THE OFFICIAL NEWS SOURCE OF ACR CONVERGENCE 2022 • NOVEMBER 10-14



Comprehensive pediatric programming aims to meet clinicians’ varied needs

Anne Stevens, MD, PhD
Anne Stevens, MD, PhD

When designing content for the ACR/ARP Annual Meeting, Annual Meeting Planning Committee Pediatrics Chair Anne Stevens, MD, PhD, said the pediatric rheumatology programming needs to reflect the needs of the subspecialty while also remembering that many general rheumatologists use the Annual Meeting as an opportunity to stay up to date in pediatric rheumatology, as well.

“We’re super excited about our pediatric sessions,” said Dr. Stevens, Division Chief and Professor of Pediatrics at the University of Washington, Seattle. “Not only will pediatric subspecialists find the latest information they need to care for their patients, adult rheumatologists will also find what they need for those times when they treat children or young adults who have transitioned to their care.”

Dr. Stevens said that two stand out as particularly challenging for pediatric rheumatologists.

“Now that clinical genetic testing is so much more available, we have the big challenge of making decisions about when and how to use genetic testing,” she said. “When do we do whole exome sequencing? What do we do with the data? How can it be used to help patients and to direct therapy?

“Our patients’ families really want genetic testing. They want to have a genetic diagnosis. They want to know what caused their child’s disease.”

For rheumatologists looking for guidance regarding genetic testing, Dr. Stevens recommends In Natura Veritas: Mechanism to Targeted Therapy in Rare Monogenic Diseases (8:30 – 10:00 AM Sunday, Nov. 10).

“Two of the nation’s experts in genetic diagnoses of early-onset inflammatory disease will share how they approach patients they suspect they have genetic variants that contribute to their disease,” she said. “When diagnosed properly through genetics, physicians have a clear path for management. There’s no doubt about the course to take. There’s no trial and error with medicines.”

A second session will update the audience on the successes of the rare disease networks. Rare Disease Detectives: Getting Answers to Impossible Questions (1:00 – 2:00 PM Monday, Nov. 11) will feature a leading geneticist with the Undiagnosed Disease Network and a parent telling the story of how families linking together were able to drive a research agenda leading to the discovery of a gene that causes DADA2.

Another big challenge in pediatric rheumatology is scleroderma.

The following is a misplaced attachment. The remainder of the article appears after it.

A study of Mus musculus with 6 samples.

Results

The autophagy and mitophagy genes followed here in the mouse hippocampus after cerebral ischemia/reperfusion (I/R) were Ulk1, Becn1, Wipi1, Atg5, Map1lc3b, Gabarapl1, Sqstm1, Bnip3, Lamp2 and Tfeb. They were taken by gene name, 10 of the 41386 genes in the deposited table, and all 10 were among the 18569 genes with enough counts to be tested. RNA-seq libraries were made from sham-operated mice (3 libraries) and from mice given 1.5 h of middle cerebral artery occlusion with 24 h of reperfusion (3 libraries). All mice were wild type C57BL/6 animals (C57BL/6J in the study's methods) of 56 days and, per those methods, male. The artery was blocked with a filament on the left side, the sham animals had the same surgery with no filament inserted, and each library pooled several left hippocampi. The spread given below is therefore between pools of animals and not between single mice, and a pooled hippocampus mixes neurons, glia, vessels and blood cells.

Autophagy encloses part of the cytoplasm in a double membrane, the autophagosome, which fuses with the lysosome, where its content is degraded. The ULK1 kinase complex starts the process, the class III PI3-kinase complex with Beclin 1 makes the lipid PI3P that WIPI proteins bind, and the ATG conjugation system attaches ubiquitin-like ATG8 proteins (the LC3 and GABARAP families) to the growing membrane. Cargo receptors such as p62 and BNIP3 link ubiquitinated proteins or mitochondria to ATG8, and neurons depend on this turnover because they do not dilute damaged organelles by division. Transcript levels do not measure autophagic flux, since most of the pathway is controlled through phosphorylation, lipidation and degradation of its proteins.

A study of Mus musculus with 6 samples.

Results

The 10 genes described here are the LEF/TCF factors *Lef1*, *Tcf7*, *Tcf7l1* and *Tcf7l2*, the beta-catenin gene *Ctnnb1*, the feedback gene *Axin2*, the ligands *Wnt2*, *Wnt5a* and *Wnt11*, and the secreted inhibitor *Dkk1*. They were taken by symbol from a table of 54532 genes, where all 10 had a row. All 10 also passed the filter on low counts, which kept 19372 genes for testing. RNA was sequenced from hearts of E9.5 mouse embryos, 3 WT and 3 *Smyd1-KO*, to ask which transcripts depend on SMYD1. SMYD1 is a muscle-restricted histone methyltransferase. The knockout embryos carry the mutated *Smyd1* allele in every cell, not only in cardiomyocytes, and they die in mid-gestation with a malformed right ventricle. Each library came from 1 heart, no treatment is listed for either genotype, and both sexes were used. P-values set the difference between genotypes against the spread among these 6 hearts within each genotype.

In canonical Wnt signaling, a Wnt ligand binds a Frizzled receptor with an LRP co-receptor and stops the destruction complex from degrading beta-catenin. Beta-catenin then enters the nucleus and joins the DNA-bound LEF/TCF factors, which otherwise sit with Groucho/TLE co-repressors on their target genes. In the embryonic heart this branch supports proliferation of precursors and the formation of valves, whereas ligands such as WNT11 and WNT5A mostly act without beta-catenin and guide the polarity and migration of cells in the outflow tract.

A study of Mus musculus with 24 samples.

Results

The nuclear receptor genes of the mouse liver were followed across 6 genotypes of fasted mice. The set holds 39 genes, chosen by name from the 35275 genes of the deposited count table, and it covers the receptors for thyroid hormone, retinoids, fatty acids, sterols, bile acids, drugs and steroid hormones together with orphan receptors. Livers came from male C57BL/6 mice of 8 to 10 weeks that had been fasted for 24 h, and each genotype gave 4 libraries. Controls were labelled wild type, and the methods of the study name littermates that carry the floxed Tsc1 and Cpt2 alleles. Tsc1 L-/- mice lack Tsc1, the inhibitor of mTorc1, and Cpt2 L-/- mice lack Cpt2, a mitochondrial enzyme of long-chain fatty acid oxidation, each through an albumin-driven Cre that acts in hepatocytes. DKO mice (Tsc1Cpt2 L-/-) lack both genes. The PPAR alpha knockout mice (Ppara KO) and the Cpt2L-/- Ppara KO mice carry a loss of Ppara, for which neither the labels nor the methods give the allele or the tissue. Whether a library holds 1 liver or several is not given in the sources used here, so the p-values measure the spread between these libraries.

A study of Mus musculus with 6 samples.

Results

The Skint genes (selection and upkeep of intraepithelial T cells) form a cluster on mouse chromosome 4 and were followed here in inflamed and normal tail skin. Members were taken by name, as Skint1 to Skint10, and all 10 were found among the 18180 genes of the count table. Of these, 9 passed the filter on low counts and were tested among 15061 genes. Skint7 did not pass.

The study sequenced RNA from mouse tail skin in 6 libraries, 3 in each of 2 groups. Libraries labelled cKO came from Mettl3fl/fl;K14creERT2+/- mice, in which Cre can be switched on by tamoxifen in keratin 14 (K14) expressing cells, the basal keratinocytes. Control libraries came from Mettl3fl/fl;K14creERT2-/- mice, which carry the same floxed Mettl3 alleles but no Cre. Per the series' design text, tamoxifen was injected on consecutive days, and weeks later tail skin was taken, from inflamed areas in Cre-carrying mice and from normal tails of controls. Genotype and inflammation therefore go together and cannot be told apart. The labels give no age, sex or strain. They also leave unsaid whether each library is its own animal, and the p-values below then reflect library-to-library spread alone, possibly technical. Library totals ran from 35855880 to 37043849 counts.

“We see localized scleroderma much more often in pediatrics,” Dr. Stevens said. “This can be very serious, leading to permanent deformities and extracutaneous manifestations like seizures and uveitis. The problem is, the treatments for localized scleroderma are immunosuppressants that have serious side effects. So we want to use these medicines only as long as necessary. However, we’re often unsure about when to stop. How do we know if the disease is active or not? And once we stop therapy, how do we know when the disease is coming back? It’s really hard to assess these patients. We can’t do biopsies every time they come into the clinic.”

These questions will be addressed during Juvenile Localized Scleroderma: Does this Child Have Active Disease? (11:00 AM – 12:00 PM Tuesday, Nov. 12).

“The nation’s leading experts on clinical assessments for localized scleroderma disease activity will lead the session,” Dr. Stevens said. “They will teach clinicians what features you can see with your eyes or feel with your hands that are reflective of active disease. There are also new technologies for assessing disease activity, such as MRI, ultrasound and thermography, which will be discussed, as will new blood tests being developed for detecting disease activity.”

Another timely topic in pediatric rheumatology is interstitial lung disease associated with systemic juvenile idiopathic arthritis (JIA).

“This is somewhat perplexing,” Dr. Stevens said. “It’s a fibrotic disease that occurs in patients with a completely different disease than scleroderma. These juvenile arthritis patients have this smoldering lung disease that previously went unrecognized much of the time. Now, researchers have some data for us to help us know when to test for interstitial lung disease in patients with systemic JIA and what may be contributing. There are some theories that the way we treat these patients may be contributing to the lung disease.”

She recommends Interstitial Lung Disease Associated with Systemic JIA (8:30 – 10:00 AM Tuesday, Nov. 12) for those interested in learning more.

“There has been so much new data to come out in the past year,” she said. “The pediatric research community has been so active and making huge progress in multiple diseases. This is particularly true for Kawasaki disease. There’s a lot of new data about how to treat patients more effectively. It’s really helping in the everyday clinical work that we do.”

Kawasaki Disease Treatment: Old & New in 2019 (11:00 AM – 12:00 PM Monday, Nov. 11) will bring attendees up to date on this research, including the draft of the new ACR treatment guideline.

New! Pediatric Community Lounge

Those involved in pediatric rheumatology can connect with others in the field at the new Pediatric Community Lounge, located in Building B of the Georgia World Congress Center on Level 2 across from Rooms B216 and B217. The lounge will be open from 7:00 AM – 6:00 PM Sunday, Nov. 10 – Tuesday, Nov. 12.